Nick Nurse wants to find more playing time for Chris Boucher. Yet where, on a talent-packed roster, is the Toronto Raptors head coach going to find those minutes?

“I’d really like to find a role for Chris. I think he has played with great energy and he seems to always block a shot or make a three as soon as he steps on the floor,” Nurse said this week. “I’d like to find a chance to play him a little more if I can. We’ll see how I can figure that out coming up.”

Boucher appeared in just 28 Raptors games last season, his first on the team. This year, the 26-year-old Montrealer has already played in 23 of Toronto’s 26 contests, averaging 11.7 minutes.

That number of minutes is skewed somewhat though, since the Raptors called on the forward extensively while Serge Ibaka was sidelined for 10 games in November with an ankle injury. He can play both centre and power forward, so Boucher averaged between 12 and 25 minutes a night over that stretch. He scored in double digits six times, including double-doubles with big rebounding numbers against the Orlando Magic, Charlotte Hornets and New York Knicks. He also blocked nine shots during that time.

Since Ibaka returned on Dec. 1, Boucher has played as little as three minutes and as many as 14. He knows that when Nurse calls on him, the head coach wants intense energy, shot blocking and rebounding. Boucher is also a steady three-point shooter who can stretch defences.

“I know I’m still part of the team and I work hard and I think people on this team are happy with the energy I have. I always stay ready,” Boucher said. “Last year I was just happy to make the team. Now knowing all the plays feels good, and it’s about how I can help the team and find more of a role – rebounding, blocking shots, whatever they need.”

As the Raptors concluded practice on Tuesday, Fred VanVleet and Boucher were the last two players on the floor. The six-foot point guard from Rockford, Ill., took the young 6-foot-9 Canadian power forward aside and walked him through some ways to beat opponents at the rim.

“We don’t play the same position and we’re not the same size, but Fred can definitely teach me about that because he gets to the rim a lot easier than lots of other people do,” Boucher said. “Getting advice from him is great, because if he can get to the rim at his size, it should be a lot easier for me at my size to beat these big guys.”

Like VanVleet, Boucher went undrafted and forged his own path to the NBA. The Canadian’s story has been widely told. He was born in St. Lucia and moved to Quebec as a young boy. Raised in a poor Montreal neighbourhood, he dropped out of high school at 16 to work at a St. Hubert’s chicken restaurant. Despite being a relative newcomer to the sport, Boucher was discovered at a basketball tournament as a teen and recruited to an academy. That eventually directed him on his path to playing at the University of Oregon.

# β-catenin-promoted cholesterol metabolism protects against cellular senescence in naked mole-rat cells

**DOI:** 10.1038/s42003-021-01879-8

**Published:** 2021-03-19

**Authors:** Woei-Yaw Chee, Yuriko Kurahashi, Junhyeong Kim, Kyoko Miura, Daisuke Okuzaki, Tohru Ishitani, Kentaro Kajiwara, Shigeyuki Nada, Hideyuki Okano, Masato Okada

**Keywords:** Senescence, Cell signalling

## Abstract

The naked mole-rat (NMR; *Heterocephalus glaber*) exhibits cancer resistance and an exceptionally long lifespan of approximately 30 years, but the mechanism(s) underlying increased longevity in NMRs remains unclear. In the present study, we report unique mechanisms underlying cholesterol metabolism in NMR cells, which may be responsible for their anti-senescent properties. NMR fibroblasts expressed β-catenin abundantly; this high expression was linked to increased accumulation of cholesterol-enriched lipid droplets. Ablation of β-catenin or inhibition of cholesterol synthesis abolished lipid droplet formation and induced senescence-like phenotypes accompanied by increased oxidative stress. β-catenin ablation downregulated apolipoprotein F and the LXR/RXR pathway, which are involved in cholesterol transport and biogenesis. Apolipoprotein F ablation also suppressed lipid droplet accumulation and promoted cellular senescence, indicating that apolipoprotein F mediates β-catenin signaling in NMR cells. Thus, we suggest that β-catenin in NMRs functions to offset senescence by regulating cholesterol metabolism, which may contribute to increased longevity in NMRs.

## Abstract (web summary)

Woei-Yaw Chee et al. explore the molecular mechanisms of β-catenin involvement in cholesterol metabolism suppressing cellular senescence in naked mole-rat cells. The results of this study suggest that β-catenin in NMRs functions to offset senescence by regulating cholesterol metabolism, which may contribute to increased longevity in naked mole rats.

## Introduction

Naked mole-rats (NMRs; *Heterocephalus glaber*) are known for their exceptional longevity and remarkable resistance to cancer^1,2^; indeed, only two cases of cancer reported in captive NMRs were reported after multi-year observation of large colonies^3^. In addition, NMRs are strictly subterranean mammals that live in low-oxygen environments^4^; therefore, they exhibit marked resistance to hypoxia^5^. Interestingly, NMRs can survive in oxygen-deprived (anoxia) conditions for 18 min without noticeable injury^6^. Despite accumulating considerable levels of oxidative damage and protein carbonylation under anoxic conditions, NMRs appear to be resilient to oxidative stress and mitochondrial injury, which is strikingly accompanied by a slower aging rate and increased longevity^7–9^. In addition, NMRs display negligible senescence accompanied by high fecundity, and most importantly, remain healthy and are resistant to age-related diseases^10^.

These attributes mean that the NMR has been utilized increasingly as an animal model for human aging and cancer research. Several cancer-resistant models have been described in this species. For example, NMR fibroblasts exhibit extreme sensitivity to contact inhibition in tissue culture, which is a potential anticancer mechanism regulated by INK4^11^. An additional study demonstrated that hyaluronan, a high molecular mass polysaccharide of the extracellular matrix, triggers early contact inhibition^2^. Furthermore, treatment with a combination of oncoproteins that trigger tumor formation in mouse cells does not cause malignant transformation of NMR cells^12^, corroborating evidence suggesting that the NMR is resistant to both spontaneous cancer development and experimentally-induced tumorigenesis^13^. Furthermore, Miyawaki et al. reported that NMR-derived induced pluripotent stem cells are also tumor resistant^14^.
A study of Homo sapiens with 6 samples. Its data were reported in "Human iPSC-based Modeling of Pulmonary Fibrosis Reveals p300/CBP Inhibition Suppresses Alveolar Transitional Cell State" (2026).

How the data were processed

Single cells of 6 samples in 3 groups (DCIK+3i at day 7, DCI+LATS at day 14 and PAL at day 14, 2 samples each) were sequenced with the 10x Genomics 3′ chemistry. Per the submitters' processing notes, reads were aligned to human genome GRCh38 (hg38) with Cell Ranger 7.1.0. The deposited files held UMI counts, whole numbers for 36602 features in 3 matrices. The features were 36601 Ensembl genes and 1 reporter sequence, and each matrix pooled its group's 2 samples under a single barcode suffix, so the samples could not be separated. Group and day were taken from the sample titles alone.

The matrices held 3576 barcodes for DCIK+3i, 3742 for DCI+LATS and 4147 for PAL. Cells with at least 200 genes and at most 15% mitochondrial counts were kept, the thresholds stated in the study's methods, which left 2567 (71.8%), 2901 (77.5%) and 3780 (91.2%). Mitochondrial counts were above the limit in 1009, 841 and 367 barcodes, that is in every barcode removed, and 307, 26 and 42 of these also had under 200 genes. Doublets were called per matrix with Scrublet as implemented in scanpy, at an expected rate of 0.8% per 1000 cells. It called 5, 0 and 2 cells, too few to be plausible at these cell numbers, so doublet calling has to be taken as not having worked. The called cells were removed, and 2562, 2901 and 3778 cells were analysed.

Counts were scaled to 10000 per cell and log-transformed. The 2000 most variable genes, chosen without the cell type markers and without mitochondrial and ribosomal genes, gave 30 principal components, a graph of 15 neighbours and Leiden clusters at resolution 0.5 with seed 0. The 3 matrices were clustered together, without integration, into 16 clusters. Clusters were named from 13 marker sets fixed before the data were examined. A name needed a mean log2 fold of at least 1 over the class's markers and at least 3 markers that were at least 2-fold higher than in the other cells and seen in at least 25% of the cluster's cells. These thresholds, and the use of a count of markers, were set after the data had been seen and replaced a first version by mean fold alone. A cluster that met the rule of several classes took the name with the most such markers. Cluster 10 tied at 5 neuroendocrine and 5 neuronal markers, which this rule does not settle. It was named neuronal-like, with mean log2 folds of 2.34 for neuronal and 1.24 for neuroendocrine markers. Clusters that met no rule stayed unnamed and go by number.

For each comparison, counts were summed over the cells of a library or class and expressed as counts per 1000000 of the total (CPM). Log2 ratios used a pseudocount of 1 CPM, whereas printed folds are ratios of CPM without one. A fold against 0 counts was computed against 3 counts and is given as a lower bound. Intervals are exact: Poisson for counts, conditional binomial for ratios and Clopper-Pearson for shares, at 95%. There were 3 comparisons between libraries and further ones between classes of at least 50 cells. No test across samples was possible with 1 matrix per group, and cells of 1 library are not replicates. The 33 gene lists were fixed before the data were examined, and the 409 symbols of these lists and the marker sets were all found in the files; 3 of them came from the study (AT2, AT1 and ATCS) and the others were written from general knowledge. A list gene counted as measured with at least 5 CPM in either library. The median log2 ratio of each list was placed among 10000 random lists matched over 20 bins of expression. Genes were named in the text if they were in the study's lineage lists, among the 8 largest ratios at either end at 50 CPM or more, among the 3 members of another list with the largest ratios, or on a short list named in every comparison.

After going undrafted, Boucher spent the past two years predominantly playing in the NBA’s G-League. First, he was with Golden State’s affiliate, the Santa Cruz Warriors. Last year he starred for Toronto’s Raptors 905, being honoured as the league’s most valuable player and its defensive player of the year.

Now listed at 200 pounds, Boucher said the Raptors helped him add about 10 pounds of muscle to his slender frame in the summer. He said he feels much stronger, and plans to add 10 to 15 more each summer. The Raptors will need him to defend large, physical NBA big men. Nurse doesn’t want to underestimate what Boucher can do.

“I don’t want to assume anything. I don’t want to say Chris can’t guard Tristan Thompson – well, he did [Monday] night. Or he can’t guard [Andre] Drummond because of the body. You just never know,” Nurse said. “He’s so unique I think with his quickness and length and timing. Maybe you just have to let him roll.”

Nurse admitted that increasing Boucher’s minutes is hard. Ibaka and Marc Gasol take up most of the minutes at centre. That leaves Boucher mostly at power forward, which requires him to cover the perimeter, the pick-and-pop, and still have the energy to grab rebounds and block shots.

“If you say you want to give someone more minutes that means you are taking some away from somebody else and I don’t really know who that is right now,” Nurse said. “Do I chip a couple away from Pascal? Maybe. I certainly don’t think OG [Anunoby] is in position to have his [clipped]. … Serge has been pretty low, Marc has been pretty low. There are not a lot of free minutes there. I will keep thinking about how to expand his role.”